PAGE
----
Federal Market Offers Big Opportunities For Small VARs

Gloria Berthold, president of TargetGov, an Elkridge, Md., consulting company that shows companies how to sell to the federal government, gave that message of hope to public-sector VARs at Everything Channel's recent XChange Government Integrator conference outside Washington, D.C.

There is a formula for small solution providers trying to weave their way through federal bureaucracy in order to get a piece of the government's IT spend, pegged at $400 billion last year, said Berthold. The most important thing is to establish an identity that helps you stand out in the eyes of federal officials holding the IT purse strings.

"There is a sea of IT companies knocking on their door looking for a handout; that's how they think of us," she said.

Any solution related to security as a huge opportunity for solution providers, she added. "In real estate it's location, location, location. In the federal government, it's security, security, security."


Elrefai said GTSI found a cybersecurity opportunity within a department of the U.S. Navy in which the department was charged with monitoring some 1 billion transactions daily. "But they had no money. They had a mission, but how could they get it done?" he said.

What GTSI did was to offer a per-transaction-fee solution for about $300,000 per month, which saved the Navy infrastructure costs and made the solution feasible.

In her presentation, Berthold said smaller solution providers targeting the federal government must craft capability statements, a one- or two-page document outlining the company's history, core competencies and work history. The statement needs to be rewritten, she added, for each proposal so that it is tailored to the specific task at the specific government agency.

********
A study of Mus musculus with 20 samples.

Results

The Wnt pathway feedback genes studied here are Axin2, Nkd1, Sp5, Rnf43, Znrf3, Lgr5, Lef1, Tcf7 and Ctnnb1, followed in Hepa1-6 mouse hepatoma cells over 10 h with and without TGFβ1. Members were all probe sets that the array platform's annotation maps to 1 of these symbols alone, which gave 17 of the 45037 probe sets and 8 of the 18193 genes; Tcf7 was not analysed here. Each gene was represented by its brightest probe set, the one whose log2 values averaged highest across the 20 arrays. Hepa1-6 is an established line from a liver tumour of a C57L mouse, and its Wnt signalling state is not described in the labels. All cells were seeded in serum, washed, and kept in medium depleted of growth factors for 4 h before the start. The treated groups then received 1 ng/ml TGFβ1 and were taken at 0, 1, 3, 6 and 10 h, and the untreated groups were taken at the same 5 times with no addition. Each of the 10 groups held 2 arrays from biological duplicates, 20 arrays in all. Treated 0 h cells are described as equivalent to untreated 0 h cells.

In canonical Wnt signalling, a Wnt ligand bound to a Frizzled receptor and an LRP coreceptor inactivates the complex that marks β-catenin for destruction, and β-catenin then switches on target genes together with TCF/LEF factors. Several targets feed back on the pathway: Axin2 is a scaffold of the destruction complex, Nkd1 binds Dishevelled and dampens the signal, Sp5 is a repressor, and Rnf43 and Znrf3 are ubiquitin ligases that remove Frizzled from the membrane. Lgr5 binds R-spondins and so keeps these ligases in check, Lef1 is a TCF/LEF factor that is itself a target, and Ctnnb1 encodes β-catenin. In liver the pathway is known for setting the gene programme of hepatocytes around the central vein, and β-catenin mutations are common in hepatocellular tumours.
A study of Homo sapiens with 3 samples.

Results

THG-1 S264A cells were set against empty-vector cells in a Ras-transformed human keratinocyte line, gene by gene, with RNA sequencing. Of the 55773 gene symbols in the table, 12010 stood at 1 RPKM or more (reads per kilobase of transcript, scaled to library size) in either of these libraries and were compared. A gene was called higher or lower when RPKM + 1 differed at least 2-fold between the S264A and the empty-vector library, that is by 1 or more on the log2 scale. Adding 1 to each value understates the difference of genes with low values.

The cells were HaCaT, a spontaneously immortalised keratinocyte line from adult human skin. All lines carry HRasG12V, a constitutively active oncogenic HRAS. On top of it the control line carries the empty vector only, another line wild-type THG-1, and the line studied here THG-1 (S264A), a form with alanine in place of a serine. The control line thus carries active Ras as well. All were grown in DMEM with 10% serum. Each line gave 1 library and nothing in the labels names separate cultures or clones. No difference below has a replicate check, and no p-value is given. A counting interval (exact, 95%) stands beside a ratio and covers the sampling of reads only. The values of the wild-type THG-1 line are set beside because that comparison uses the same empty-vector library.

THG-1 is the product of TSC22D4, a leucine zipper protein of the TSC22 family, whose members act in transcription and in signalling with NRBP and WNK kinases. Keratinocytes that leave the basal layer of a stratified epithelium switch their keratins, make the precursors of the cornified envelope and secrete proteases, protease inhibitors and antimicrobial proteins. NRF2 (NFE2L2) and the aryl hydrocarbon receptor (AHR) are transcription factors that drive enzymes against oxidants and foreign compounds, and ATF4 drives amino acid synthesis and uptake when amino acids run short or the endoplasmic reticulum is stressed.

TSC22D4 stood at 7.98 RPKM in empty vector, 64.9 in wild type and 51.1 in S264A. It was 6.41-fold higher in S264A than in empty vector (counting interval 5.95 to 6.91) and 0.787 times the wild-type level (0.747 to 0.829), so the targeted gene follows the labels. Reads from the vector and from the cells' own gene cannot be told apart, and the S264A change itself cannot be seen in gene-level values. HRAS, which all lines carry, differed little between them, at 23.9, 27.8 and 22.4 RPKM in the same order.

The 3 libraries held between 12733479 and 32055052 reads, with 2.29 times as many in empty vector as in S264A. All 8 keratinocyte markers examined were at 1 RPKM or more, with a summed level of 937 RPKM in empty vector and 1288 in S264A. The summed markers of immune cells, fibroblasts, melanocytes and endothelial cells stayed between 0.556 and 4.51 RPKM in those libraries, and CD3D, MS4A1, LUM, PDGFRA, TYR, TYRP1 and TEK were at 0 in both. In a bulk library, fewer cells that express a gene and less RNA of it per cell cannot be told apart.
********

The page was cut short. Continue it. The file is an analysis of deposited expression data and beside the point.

"If you don't have the experience that's exactly related to what the agency needs, don't even walk through that door because you won't get the work," she said.

Berthold also said the capability statement should never be posted on the solution provider's Web site. She suggested crafting an online statement that contains nothing but searchable keyword terms that will show up on search engines as procurement offices search the Web.

Berthold noted that the trend in federal contracts has been to consolidate numerous, often disparate contracts, into single, large contracts. The upshot is that often, no one solution provider, no matter how large, can handle the contract on his or her own. This creates a tremendous subcontracting opportunity, especially for firms that have diversity status.

But some solution providers were skeptical. "Every federal contract I've won is through people I know. I've not won one contract because of my diversity status," said James Scholz, president of CSCI, a security consulting firm in Warensburg, Mo., that has Native American and veteran diversity status. He said the bulk of the contracts set aside for small diversity partners ultimately go to big business. But Berthold told small IT solution providers not to give up hope. She noted that 95 percent of the $400 billion in federal IT spending last year was for contracts valued at $2,500 or less.

Meanwhile, solution providers note that election year politics are certain to impact federal IT spending. Public-sector VARs focused on the federal market point out that with a new administration taking over in Washington early next year government agencies are racing to spend their IT dollars in a run-up to the November election.

"I've told our CEO that until November we are going to be like a bear preparing for hibernation; we're going to fatten up," said Michael Fox, senior vice president, director of sales and marketing, at SRA International, Fairfax, Va.

After the election, Fox predicts that federal IT spending could significantly slow as the new administration sets its priorities, puts new people in place and puts its mark on federal spending. Fox says the 2011 federal budget will be the first one where the new administration can exert its spending priorities.

Beyond that, Fox sees significantly longer sales cycles, which he blames on a lack of skilled procurement officials in the government. "The sales cycles are dragging out. An RFP takes two to three times longer to get out because the [procurement officers] are gun-shy," he said.

He said that because RFPs put out by some government agencies aren't as well-crafted as they have been in the past, there are a growing number of protests once a contract has been awarded, which contributes to a cycle that delays future contracts.